Back in 2009, I posted an article about carving walking sticks and it remains one of my most looked at postings today. After all, carving walking sticks has almost become a freestanding art form. Of course there are differing degrees of carving but almost everyone has done some degree of carving on a walking stick even if it was to simply carve their initials in it or peel off bark. Who has not found a stick in the woods and carried it while walking? Perhaps you even brought it home from a camping trip with you. I firmly believe that one of the reasons walking sticks carry so much fascination has to do with the magic in them. Okay, a lot of you reading this just said to yourself… “Hurrumpff, there is no such thing as magic.” Well, I beg to differ… magic may be found wherever we look for it or place it. And, what better place than a fine personally selected, personally carved walking stick.
In my life, I must have carved something in the neighborhood of 100 walking sticks… some were pretty detailed and some were fairly plain. There are really no rules about what one does to create a walking stick. If it is to be a gift, I suggest carving something on it that is identified with the recipient… something that makes it meaningful to them. Of course, if it is a commission, the subject matter is going to be whatever the buyer is asking for. Walking sticks can be carved from just about any wood but I suggest that it be a hard wood. If you select a softer wood, in order to provide strength, you may have to go to a larger diameter stick. Another consideration is that softer woods dent too.
Personally, I like to find sticks in the woods that have character such as small burls, crooks, outgrowths and anything that makes them interesting. Diamond Willow is a classic example of what I am talking about…. my absolute favorite. I prefer to carve whatever subject that I have selected right into my stick. I don’t really like adding things to sticks. If you do choose to add a headpiece, I suggest that it be carved from a harder wood as well as you don’t want it dented or broken from dropping it on a rock or from fighting off a charging lion. Headpieces can easily be added by using a short piece of screw rod. Seams can be covered up with a leather collar. You can also cut a recess into the headpiece so that the stick fits into the headpiece and the seam is hidden.
An added benefit to me in selecting a natural piece of wood is the adventure of looking for it. I love being in the woods and it is so exciting to find a fine stick. I have many times come across a straight, small tree. I have dug down around the roots to explore what the root feels like. If it is simply a straight root (like a carrot), I leave it and cover up my diggings best I can. I don’t want to up root a tree just to throw it aside. If, however, it feels like it has an interesting root clump that would lend itself to something cool, I will harvest it. If it is mainly the root that will be carved, it will likely take saws and grinders as roots are made of tuff, hard, and twisting wood. Some roots are gorgeous simply finished naturally. You might recall Gandalf the Grey’s staff (vs. Gandalf the White). It was natural root stock with a crystal in it.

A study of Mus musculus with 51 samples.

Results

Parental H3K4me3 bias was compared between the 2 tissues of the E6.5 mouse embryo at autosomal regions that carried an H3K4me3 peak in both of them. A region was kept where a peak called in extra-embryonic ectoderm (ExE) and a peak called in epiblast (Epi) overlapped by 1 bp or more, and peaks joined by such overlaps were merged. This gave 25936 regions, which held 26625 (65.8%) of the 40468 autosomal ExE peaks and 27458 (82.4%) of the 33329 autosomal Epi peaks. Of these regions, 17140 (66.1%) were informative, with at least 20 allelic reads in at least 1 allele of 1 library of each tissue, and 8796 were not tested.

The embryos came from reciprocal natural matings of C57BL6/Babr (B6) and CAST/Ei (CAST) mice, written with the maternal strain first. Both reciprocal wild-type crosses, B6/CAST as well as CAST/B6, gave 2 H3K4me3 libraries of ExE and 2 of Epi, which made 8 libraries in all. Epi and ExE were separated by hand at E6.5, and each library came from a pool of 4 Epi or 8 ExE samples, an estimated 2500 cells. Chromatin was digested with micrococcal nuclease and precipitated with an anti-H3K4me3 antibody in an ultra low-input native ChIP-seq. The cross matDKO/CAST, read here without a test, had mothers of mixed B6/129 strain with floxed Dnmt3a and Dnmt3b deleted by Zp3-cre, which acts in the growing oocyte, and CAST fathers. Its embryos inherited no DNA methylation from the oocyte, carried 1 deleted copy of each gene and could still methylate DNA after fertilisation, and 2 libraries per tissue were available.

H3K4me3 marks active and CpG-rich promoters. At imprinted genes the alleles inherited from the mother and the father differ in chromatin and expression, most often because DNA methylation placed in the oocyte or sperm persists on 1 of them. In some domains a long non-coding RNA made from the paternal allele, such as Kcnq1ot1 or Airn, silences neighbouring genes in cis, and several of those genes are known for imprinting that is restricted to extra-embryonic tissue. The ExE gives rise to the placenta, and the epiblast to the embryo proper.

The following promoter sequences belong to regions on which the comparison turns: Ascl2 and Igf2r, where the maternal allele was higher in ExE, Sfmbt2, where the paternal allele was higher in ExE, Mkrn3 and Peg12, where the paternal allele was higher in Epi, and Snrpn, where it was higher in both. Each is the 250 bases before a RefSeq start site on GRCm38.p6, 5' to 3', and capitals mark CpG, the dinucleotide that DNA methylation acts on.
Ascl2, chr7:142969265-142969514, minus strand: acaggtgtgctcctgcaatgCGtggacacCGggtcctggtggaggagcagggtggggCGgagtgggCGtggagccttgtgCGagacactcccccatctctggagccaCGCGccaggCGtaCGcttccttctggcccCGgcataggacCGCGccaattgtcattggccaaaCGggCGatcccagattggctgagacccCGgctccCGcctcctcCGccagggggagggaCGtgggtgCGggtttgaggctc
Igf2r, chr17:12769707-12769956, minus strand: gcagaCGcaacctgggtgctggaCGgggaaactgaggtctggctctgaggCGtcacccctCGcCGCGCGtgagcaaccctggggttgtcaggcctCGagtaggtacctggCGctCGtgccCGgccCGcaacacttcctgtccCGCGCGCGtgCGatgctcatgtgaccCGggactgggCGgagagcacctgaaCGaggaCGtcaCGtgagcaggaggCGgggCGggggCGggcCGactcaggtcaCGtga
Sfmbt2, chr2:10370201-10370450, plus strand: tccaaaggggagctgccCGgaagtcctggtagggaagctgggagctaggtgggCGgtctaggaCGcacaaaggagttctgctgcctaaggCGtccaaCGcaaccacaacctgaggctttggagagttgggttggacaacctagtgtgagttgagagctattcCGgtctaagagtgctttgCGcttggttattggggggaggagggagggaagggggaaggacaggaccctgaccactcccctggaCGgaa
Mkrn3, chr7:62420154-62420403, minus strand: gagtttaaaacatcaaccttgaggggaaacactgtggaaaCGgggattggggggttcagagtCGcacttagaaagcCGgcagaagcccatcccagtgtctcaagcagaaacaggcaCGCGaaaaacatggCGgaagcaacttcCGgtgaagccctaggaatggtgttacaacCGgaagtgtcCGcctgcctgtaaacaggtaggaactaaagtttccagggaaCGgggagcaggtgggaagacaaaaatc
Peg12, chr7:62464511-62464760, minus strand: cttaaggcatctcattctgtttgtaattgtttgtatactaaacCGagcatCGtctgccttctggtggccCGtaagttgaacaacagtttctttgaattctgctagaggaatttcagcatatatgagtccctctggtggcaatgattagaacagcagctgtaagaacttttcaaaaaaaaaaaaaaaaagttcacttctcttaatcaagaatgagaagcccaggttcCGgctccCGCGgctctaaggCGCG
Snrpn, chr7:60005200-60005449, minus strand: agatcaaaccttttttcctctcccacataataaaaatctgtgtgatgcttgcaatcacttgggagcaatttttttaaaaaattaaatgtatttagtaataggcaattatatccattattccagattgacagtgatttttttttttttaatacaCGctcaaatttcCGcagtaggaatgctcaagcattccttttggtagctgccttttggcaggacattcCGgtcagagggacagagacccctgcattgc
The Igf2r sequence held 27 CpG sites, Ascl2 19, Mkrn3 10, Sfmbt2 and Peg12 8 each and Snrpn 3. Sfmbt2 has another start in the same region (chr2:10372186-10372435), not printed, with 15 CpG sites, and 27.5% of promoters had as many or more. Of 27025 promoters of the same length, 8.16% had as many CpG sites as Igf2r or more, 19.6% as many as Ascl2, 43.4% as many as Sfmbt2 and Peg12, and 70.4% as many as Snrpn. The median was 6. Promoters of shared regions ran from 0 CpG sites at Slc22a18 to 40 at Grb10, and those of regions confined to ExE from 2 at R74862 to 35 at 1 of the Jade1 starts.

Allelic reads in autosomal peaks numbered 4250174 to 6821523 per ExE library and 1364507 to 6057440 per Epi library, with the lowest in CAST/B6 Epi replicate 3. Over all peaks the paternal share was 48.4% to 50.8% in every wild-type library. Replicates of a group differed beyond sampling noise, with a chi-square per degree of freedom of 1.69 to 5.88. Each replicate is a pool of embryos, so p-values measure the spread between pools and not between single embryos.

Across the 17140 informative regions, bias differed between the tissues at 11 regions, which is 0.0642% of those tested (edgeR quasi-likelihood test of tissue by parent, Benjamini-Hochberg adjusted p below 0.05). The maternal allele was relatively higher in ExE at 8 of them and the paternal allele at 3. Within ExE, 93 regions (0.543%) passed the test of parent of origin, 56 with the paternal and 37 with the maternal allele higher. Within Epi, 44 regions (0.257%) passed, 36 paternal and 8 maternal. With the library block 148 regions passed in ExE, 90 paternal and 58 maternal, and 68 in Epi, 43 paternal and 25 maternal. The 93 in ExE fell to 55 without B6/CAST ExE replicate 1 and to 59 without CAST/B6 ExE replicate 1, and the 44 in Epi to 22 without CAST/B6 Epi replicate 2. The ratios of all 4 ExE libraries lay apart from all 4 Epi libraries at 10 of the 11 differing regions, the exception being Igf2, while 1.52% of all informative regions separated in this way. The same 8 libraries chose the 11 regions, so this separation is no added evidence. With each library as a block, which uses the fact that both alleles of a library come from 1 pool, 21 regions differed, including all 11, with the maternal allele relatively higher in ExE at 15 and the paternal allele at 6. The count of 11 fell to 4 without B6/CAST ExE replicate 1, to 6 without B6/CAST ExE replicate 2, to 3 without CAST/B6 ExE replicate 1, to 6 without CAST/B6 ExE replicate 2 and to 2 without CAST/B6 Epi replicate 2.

Unless you take care in curing green wood, it will surely split. I make sure that I place curing sticks out of direct sun and out of any extreme dryness. And, every 30 days or so, I turn the sticks so that any warpage is minimalized and the stick stays straight. If I am going to carve a stick with a knife and palm gouges, I try to do so prior to the stick getting completely dry and hard. As you probably know, it is pretty hard to whittle on a piece of dry fruit wood or the like. If you will be using power, I find that it is best to wait until it is “hard hard.”
In addition to the procedure described above, if I am concerned about the root ball splitting, I paint the thing with log sealer. Latex paint will work as well, in a pinch. I use a log sealer sold by www.baileysonline.com. The only issue there is that you need to buy a 5 gallon bucket. I bought 5 gallons about 6 years ago and I still have about half of it… and I use it a lot.
Once I have carved the stick, I slather it down with Howard Feed-n-Wax. I use Feed-N-Wax on everything and if I want color, I just add tint. I love it.
For final touches, you can add a leather lanyard or a medallion. Treeline offers a huge selection of medallions for walking sticks. Personally, if I can’t carve the item into the stick, I leave it off. But, I can also see where military personnel may want a military medallion on his or her stick. Treeline also has a selection of “feet” for sticks.
I believe walking sticks should be made to be used and therefore should not be so delicate that they can be easily broken if dropped. A couple of years ago, I was commissioned by a woman from near Sydney, Australia to carve a walking stick depicting some North Coast Indian symbols from her native British Columbia. In the process of ordering it, she told me that she loved to be in the woods and since guns are illegal in Australia, she wanted a comfortable, hard stick that could be used to fend of snakes or anything else that she might come across that proved to be unfriendly.
Good luck with your stick carving.
Stay sharp and be “carveful.”
Please visit my web site at www.WhiteEagleStudios.com.